Dr. Richard A. Rydze, 62, of the Strip District was on the Steelers' medical staff for 22 years until 2007, when he became the target of a federal investigation into human growth hormone trafficking. In March 2011, federal agents raided his Optimal Health Care LLC office on First Avenue, Downtown, which he opened in 2007, according to the indictment. Tribune-Review file

 

A former doctor for the Pittsburgh Steelers and the FBI's field office appeared in federal court on Friday on 185 charges of health care fraud and trafficking in anabolic steroids, human growth hormones and painkillers.

A onetime Olympic medalist in platform diving, Dr. Richard A. Rydze, 62, of the Strip District finds himself mired in bankruptcy and criminal charges. Wearing leg shackles and dressed in a red knit shirt and black pants, Rydze briefly answered questions from U.S. Magistrate Judge Robert Mitchell during an initial appearance in federal court, Downtown, but declined to comment as marshals led him away.

Assistant Federal Public Defender Michael Novara argued that Rydze should be let out on bond because he's a “lifelong, well-respected member of the community.” Mitchell ordered Rydze held without bail.

Prosecutors and FBI agents from Cleveland are handling the investigation and prosecution of Rydze because of his doctor-patient relationships with local FBI agents.

Rydze was on the Steelers medical staff for 22 years until 2007, when federal agents questioned him about his use of a personal credit card to buy about $150,000 worth of human growth hormone and testosterone from a Florida pharmacy.

An indictment charges him with trafficking in painkillers since 2005 and trafficking in steroids and human growth hormones since 2007.

UPMC, which provides the doctors for the Steelers, started an internal investigation in 2007, and by August of that year, he no longer worked for the hospital system or the football team.

UPMC spokeswoman Susan Manko said the hospital “has been aware of the investigation and has been cooperating fully with authorities throughout the investigation. Per UPMC policy, we cannot comment further on this legal and personnel matter.”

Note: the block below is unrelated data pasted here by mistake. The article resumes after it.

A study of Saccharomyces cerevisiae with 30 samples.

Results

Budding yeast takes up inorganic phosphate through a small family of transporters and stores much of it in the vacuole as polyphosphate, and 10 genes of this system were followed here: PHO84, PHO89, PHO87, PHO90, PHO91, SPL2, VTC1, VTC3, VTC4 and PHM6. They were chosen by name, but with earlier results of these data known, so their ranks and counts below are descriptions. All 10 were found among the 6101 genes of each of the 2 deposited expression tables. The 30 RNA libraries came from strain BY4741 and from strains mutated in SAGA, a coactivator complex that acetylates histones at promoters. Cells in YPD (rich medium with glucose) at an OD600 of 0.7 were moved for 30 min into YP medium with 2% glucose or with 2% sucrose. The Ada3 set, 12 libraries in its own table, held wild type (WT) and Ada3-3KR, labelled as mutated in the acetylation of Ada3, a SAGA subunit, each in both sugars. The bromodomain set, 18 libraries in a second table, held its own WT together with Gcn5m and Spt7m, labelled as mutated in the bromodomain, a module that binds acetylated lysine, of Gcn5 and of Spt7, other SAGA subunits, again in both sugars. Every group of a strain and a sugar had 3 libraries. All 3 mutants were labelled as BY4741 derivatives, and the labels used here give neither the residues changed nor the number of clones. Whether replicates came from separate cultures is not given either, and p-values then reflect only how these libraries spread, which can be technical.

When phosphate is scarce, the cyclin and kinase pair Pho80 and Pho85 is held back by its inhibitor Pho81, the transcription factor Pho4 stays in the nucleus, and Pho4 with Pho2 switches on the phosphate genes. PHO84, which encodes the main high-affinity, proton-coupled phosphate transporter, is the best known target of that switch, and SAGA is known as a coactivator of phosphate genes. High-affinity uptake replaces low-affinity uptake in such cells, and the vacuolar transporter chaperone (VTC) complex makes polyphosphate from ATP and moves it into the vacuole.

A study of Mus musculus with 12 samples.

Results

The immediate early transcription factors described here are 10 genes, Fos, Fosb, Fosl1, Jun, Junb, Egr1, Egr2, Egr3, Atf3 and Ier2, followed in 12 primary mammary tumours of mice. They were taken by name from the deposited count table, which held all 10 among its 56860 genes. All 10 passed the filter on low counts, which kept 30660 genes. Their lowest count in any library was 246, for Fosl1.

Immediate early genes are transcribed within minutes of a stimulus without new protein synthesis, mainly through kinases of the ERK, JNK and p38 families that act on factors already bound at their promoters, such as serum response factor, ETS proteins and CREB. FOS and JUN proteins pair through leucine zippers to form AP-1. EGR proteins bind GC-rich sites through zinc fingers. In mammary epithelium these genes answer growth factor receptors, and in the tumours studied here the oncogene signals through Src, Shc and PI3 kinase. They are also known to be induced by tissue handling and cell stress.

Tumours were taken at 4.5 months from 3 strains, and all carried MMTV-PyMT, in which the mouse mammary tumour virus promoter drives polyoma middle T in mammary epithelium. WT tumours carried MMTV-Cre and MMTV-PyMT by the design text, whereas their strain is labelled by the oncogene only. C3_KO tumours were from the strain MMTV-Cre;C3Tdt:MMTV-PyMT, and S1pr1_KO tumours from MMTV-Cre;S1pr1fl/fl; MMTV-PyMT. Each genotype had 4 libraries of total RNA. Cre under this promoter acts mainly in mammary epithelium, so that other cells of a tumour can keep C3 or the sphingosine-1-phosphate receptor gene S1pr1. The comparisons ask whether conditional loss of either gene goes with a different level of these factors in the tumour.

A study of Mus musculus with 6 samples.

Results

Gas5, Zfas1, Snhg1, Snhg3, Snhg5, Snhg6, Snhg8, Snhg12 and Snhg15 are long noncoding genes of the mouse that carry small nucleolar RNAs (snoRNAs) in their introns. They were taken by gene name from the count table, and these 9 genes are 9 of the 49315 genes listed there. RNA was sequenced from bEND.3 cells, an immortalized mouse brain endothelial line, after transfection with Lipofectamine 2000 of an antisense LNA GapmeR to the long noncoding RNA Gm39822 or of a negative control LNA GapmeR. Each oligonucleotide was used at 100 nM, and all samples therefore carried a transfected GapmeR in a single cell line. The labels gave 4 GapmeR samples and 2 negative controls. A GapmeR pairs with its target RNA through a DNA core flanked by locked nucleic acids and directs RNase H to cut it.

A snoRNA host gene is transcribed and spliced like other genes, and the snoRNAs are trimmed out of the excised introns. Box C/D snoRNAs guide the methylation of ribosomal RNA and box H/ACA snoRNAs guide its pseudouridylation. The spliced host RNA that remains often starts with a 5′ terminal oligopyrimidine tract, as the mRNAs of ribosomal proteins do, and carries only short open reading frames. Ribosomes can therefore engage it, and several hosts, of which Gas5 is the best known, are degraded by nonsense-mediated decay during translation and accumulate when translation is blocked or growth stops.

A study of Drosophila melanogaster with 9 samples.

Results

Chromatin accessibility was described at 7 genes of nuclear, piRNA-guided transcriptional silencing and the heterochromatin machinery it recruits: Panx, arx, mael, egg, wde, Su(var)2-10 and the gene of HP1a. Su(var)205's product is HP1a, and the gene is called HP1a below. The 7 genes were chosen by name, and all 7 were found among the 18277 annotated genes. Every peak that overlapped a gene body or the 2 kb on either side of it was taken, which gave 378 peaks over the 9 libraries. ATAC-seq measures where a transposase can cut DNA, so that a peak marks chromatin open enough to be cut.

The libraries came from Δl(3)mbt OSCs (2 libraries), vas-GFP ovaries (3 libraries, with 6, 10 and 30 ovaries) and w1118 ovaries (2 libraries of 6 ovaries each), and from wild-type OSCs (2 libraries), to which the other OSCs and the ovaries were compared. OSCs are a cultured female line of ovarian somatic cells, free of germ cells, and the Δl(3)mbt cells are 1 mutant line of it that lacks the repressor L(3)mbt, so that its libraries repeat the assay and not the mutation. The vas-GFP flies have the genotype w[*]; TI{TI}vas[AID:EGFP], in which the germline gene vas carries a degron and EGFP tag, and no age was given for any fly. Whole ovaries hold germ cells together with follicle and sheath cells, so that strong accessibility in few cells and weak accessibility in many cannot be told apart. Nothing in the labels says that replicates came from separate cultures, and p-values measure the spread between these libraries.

Rydze was trafficking in the painkiller hydrocodone-acetaminophen as early as Feb. 4, 2005, prosecutors say. The indictment says he used another doctor's name and Drug Enforcement Administration registration number for the prescriptions but identifies the doctor only as “AY.”

Dr. Freddie Fu, chairman of orthopedic surgery at the University of Pittsburgh School of Medicine, said he did not know much about Rydze other than that he was a partner with Dr. Anthony Yates, the head of the Steelers medical team. Yates declined to comment.

Steelers veterans Casey Hampton, Brett Keisel, Charlie Batch and Ben Roethlisberger, all of whom began playing for Pittsburgh while Rydze worked for the team, said they had not heard of the doctor. Team spokesman Burt Lauten declined to comment.

In March 2011, federal agents raided Rydze's Optimal Health Care LLC office on First Avenue, Downtown, which he opened in 2007, according to the indictment.

A spokeswoman for Little Sisters of the Poor confirmed that Rydze works as the medical director for its Brighton Heights home for seniors. She declined further comment.

The grand jury also indicted William Zipf, 56, on two counts related to narcotics trafficking and James Hatzimbes, 42, on six counts related to steroid and hormone trafficking. The U.S. Attorney's Office in Northern Ohio declined to provide home addresses for either man.

The indictment says Zipf conspired with Rydze to fill painkiller prescriptions in several people's names at multiple pharmacies to hide the amount of painkillers he was buying.

Hatzimbes owned and operated HSE Salon and Wellness Center on Saw Mill Run Boulevard in Overbrook. According to the indictment, Rydze and Hatzimbes scheduled “steroid clinics” at the salon nearly every other Saturday in which Rydze would misdiagnose clients as having hormone imbalance, pituitary dwarfism or adrenal insufficiency and prescribe hormones or steroids. The two men split the $75 fee they charged each client, the indictment says.

Rydze also received $301,407 in commissions from clients filling their fraudulent prescriptions at ANEWrx pharmacy in Robinson, the indictment states.

Prosecutors charged the pharmacy's owner, William Sadowski, 46, of Pittsburgh, and an employee, John Gavin, 51, of Valencia, in separate cases with conspiring to traffic steroids.

Rydze and his wife filed for Chapter 11 bankruptcy in March 2010, selling their home in Mt. Lebanon and a condominium in Hidden Valley to help clear their debts. A federal bankruptcy judge dismissed the case in September when they were unable to pay their federal taxes, which means they lost bankruptcy protection from their creditors.

On Friday, Mitchell questioned the need for keeping Rydze in jail, but special Assistant U.S. Attorney Carol Skutnik argued that Rydze has a previous attempt at flight from prosecution. The DEA suspended his ability to write prescriptions in June and has since revoked his license, but he has written 10 to 15 prescriptions since then, Skutnik said. She declined to provide details after the hearing. Novara also declined to comment.

Rydze filled out a form asking the court to appoint a lawyer to represent him.

Andrew Conte, Carl Prine and Ralph Paulk contributed to this report.Brian Bowling is a staff writer for Trib Total Media. He can be reached at412-325-4301 or bbowling@tribweb.com.